The camera application which I prefer to use on my iPhone is different than the built-in camera. It’s one in which you touch any part of the screen to take a picture instead of a single “shutter” button. It’s fine, except that it also means that in handling the camera – switching between hands, taking it in and out of my pocket, shoving it in my armpit as I fumble through my bag looking for something – the screen gets touched a lot. I think half of my pictures are of the accidental, oh-crap-I-thought–the-camera-was-off variety. But you know what? Some of them actually look kind of cool, especially when you gallery them. So I’m committing to this. If you need a wedding photographer and you don’t care if the pictures look like arbitrary screenshots from The Bourne Ultimatum, feel free to make me an offer.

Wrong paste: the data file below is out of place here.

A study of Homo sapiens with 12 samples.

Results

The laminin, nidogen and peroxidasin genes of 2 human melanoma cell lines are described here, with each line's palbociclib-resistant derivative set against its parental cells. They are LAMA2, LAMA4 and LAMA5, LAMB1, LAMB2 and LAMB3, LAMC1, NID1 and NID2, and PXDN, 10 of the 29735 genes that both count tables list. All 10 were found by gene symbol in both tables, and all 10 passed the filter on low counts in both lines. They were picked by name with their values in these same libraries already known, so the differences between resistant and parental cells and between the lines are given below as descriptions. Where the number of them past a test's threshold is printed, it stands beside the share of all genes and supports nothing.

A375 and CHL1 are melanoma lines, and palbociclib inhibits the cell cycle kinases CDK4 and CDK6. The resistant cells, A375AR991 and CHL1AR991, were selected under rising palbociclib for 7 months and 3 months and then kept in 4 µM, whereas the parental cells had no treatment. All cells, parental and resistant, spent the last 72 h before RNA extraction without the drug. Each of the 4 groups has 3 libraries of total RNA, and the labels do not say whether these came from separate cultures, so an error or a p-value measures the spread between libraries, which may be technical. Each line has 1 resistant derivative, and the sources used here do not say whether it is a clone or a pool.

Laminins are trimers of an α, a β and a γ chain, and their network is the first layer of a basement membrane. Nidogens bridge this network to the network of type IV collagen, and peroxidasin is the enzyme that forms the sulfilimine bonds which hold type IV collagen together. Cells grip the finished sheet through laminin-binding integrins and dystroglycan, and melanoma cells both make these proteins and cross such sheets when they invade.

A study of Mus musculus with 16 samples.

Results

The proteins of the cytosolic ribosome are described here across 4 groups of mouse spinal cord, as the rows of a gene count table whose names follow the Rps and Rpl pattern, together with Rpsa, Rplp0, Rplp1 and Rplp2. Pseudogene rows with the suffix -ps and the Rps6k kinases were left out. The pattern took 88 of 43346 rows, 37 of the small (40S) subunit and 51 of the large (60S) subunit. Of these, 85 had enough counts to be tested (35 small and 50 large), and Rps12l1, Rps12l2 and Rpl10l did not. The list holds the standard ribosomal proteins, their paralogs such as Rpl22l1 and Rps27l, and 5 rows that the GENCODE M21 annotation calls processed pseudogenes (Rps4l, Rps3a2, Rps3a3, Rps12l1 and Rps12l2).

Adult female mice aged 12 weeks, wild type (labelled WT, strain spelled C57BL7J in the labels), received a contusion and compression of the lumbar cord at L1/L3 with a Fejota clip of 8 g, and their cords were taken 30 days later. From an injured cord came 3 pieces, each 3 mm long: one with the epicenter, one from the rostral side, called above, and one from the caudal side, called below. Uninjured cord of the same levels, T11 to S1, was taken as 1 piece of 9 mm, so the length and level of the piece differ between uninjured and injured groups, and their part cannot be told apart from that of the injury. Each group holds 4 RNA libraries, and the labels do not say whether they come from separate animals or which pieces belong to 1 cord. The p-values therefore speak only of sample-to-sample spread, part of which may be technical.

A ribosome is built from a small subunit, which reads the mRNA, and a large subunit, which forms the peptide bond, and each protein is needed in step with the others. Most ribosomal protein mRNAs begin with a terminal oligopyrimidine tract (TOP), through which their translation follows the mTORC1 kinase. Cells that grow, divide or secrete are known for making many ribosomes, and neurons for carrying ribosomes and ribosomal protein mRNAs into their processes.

A while back, while casually caffeinating myself, I was trying to think of silly ideas about carpooling, and I scrawled something down which I could barely read:
The joke wasn’t about saving money on a work commute, which is dumb, but about saving money on a midlife crisis, which is obviously hilarious, because you’re supposed to go all-out on those things, according to the rules of a midlife crisis (which, because of increasing longevity, now happens at around age 75). So I decided it was good enough to submit to the New Yorker, and they liked it.
Notice how the “Jump in, Stan” is unnecessary, and I reworded the caption so that it was less clunky. The car, however, was a definite clunker. You’re not having a midlife crisis in that car. You’re having a takeout Sonic cheeseburger. I had drawn an economy rental vehicle. So I had to sex up the car a bit when I drew it for the magazine so that the joke was actually believable. Here’s the preliminary sketch:
And then I went all woodcut on it, which is the way you see it in this week’s Money Issue:
And once it’s in print, the rest of it, as I wrote in a recent post, goes like this. Peace out.